Elk River Activity Center

Three groups have pitched ideas for what the Elk River Activity Center should be used for once the building is vacated.

by Joni Astrup

Associate Editor

Three people have appeared before the Elk River City Council to express interest in the Elk River Activity Center.

The building is a former library located at 413 Proctor Ave. that provides space for programs and activities for seniors. But that use will be moving to a new multipurpose recreational facility under construction at 1000 School St., and City Council members have expressed interest in putting the activity center building on the market.

At a City Council work session July 6, a church, an arts entity and a group of people interested in youth all made presentations on what they envision for the building.

Craig Prange, representing Glory of Christ Fellowship, told the council that they think the activity center building “might be a really, really good fit for our congregation.”

Glory of Christ Fellowship was founded in 2006 as a daughter church of Bethlehem Baptist in Minneapolis. It had been meeting at the Handke Family Center in Elk River since 2007 until COVID-19; it is currently meeting at Living Waters Church in Elk River.

The church has offices in downtown Elk River and a congregation of about 150 people.

Prange said they have been actively looking for property for about five years. The church has $200,000 in a facilities fund and borrowing ability through a bank.

He indicated that the church would prefer buying rather than leasing space.

Tina Meeker presented a vision for the building to become the Elk River Center for History & the Arts.

She described herself as business owner, corporate executive and a friend of the arts — specifically NorthStar Arts, which has been in Elk River since 1996.

Meeker shared three concepts for the building. One is the Elk River History Archives and Center. It could offer hosted walking tours of Elk River historical sites, have historical artifacts such as photos, books and displays and be a place for community events, galas and so forth.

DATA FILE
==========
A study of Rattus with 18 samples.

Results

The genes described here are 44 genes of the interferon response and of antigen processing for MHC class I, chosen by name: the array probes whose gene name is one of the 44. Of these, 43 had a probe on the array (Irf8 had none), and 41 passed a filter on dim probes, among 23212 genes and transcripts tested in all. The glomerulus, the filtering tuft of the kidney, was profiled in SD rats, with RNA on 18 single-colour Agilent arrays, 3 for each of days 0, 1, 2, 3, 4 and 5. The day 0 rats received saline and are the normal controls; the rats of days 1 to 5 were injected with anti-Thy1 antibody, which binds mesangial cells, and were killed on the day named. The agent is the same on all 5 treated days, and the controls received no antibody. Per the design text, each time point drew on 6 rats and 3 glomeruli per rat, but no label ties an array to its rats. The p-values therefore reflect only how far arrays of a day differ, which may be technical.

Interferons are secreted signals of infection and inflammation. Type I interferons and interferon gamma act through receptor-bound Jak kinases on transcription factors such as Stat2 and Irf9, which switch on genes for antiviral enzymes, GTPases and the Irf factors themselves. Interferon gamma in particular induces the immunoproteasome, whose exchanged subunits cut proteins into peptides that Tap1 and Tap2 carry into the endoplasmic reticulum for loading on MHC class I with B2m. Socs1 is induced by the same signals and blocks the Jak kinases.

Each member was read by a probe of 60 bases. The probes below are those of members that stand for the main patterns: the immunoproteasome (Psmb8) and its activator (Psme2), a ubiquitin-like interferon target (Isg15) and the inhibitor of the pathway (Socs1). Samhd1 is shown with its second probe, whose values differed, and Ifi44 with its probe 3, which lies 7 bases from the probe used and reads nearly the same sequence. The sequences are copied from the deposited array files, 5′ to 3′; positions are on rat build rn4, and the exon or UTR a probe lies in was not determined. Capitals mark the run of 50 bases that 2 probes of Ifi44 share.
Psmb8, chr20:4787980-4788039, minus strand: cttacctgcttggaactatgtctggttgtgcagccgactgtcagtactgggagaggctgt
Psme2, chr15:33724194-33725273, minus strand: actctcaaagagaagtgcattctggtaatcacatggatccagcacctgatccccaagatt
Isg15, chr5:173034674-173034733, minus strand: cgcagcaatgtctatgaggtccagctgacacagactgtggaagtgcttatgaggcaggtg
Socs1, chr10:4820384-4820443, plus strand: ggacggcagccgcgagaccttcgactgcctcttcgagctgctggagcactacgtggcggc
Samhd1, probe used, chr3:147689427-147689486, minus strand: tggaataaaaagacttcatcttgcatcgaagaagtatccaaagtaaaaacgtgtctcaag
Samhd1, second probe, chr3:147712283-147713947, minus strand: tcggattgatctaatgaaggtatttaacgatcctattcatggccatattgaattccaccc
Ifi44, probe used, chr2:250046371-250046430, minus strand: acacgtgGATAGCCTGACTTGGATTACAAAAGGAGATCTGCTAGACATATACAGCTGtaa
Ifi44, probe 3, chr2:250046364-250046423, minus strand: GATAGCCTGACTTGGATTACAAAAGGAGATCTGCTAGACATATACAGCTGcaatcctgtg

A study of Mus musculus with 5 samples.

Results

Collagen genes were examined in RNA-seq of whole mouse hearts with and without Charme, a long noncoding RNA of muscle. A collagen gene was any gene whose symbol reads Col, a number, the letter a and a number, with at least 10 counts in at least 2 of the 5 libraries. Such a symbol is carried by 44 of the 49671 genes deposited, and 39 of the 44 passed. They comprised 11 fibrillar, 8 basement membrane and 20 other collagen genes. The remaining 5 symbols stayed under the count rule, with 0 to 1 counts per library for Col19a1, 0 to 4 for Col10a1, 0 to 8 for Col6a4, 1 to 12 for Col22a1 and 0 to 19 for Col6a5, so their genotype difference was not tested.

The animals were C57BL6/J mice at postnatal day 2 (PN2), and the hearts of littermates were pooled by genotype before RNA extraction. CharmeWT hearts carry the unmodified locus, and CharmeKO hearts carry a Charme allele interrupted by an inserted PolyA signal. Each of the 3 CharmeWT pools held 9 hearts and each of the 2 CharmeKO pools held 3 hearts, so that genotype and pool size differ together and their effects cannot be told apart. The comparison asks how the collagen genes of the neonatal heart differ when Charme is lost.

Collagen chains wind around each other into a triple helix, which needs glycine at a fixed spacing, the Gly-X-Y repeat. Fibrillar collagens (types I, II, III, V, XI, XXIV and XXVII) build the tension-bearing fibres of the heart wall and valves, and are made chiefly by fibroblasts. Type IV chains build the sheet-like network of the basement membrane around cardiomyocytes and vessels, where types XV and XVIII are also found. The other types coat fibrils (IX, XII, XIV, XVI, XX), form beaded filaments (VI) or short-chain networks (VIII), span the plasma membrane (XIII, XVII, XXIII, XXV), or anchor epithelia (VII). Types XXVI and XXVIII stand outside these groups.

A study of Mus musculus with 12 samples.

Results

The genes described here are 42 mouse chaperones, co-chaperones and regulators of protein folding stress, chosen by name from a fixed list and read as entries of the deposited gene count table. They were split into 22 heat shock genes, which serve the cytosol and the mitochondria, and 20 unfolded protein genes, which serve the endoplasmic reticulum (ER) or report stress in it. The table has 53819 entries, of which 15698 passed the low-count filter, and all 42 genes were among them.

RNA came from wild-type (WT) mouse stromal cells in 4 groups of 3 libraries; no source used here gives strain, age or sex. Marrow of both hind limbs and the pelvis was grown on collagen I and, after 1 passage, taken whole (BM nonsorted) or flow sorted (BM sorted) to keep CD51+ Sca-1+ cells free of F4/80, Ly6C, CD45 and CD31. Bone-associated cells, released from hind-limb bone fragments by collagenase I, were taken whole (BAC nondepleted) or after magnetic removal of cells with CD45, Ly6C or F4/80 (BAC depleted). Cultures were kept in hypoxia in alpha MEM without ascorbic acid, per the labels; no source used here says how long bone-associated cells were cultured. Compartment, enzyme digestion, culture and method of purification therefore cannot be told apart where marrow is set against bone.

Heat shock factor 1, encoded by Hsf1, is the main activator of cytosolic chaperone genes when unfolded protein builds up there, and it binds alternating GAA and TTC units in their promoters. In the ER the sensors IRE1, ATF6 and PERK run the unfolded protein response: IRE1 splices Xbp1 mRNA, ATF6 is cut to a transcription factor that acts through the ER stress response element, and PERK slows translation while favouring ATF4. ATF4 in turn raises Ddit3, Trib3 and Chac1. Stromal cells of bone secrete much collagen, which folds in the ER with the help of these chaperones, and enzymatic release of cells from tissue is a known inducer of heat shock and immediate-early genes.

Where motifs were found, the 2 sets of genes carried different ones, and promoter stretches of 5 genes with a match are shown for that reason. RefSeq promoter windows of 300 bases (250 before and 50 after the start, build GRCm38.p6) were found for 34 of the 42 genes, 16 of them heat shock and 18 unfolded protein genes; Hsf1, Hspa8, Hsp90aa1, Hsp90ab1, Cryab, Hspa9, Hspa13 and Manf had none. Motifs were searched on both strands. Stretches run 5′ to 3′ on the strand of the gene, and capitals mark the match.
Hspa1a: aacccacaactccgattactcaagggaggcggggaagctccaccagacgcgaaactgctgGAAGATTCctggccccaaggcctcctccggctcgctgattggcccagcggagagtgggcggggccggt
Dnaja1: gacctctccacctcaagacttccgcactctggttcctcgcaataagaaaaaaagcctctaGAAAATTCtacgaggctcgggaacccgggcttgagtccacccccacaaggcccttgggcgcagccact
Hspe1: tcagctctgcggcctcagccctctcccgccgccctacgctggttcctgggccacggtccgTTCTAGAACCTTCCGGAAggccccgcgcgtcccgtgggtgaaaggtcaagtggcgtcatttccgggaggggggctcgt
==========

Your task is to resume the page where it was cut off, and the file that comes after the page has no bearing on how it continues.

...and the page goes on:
The second concept is theater and music programming. The building could provide audition and rehearsal space; small performances, dinner theaters and recitals; summer theater and music camps for kids and senior theater and music performer groups.

The third concept envisioned is space for local artisan displays and events, picking up where the former Elk River Arts Alliance left off.

“This is just a suggestion, an idea, a concept. It is certainly flexible,” Meeker said.

She said the space could be leased by local artists and performing arts groups.

Mayor John Dietz clarified that under the scenario presented, the city would not be the building owner.

Meeker said that was her understanding.

Next, Barry Hohlen laid out a vision for the building as a place to serve youth.

Hohlen, of Great River Young Life, is working with a group of people and organizations including Ken Beaudry, Gary Santwire, Shine a Ligh7 Foundation (Paul Martin), KC Foster, Thumbs Up (Katie Shatusky), The Wave (Maria Guidarelli) and Great River Young Life (Hohlen and Lane Crose).

Hohlen said they are a group of adults interested in the well-being of youth, coming together to provide resources and spaces for groups that promote physical, emotional, mental and spiritual health.

“We’re a group of people that’s really woven together around this idea (that) kids in Elk River need a space, kids in Elk River need access to adults that care about them and kids in Elk River can benefit from that space,” he said.

He said the former library could be used daily after school and for evening events such as Young Life High School Outreach, Young Life Capernaum and Fifth Quarter events as well as small groups and mentoring, banquets and arts groups and therapy.

After Hohlen completed his presentation, Todd Roskaft spoke.

He told the City Council that the Elk River Activity Center building is a great asset to the community. He thinks the city should keep the building and let nonprofits use it or lease it. He mentioned organizations like the Rotary, the Lions and the Masons as groups that perhaps could benefit from the building.

“The council kind of reached a decision (that) we’d like to sell it,” Mayor Dietz told him. “...We don’t want to maintain it.”

The building and property are thought to be worth $300,000 to $450,000. That number was arrived at by determining that there could be six houses built on the property, with each lot worth $50,000 to $75,000.

Dietz said the building needs a lot of work, including a new roof, HVAC system and bathrooms. The city would sell it “as is.”

The city is looking at listing the property and taking bids on it. The next step will be for the city to engage a broker.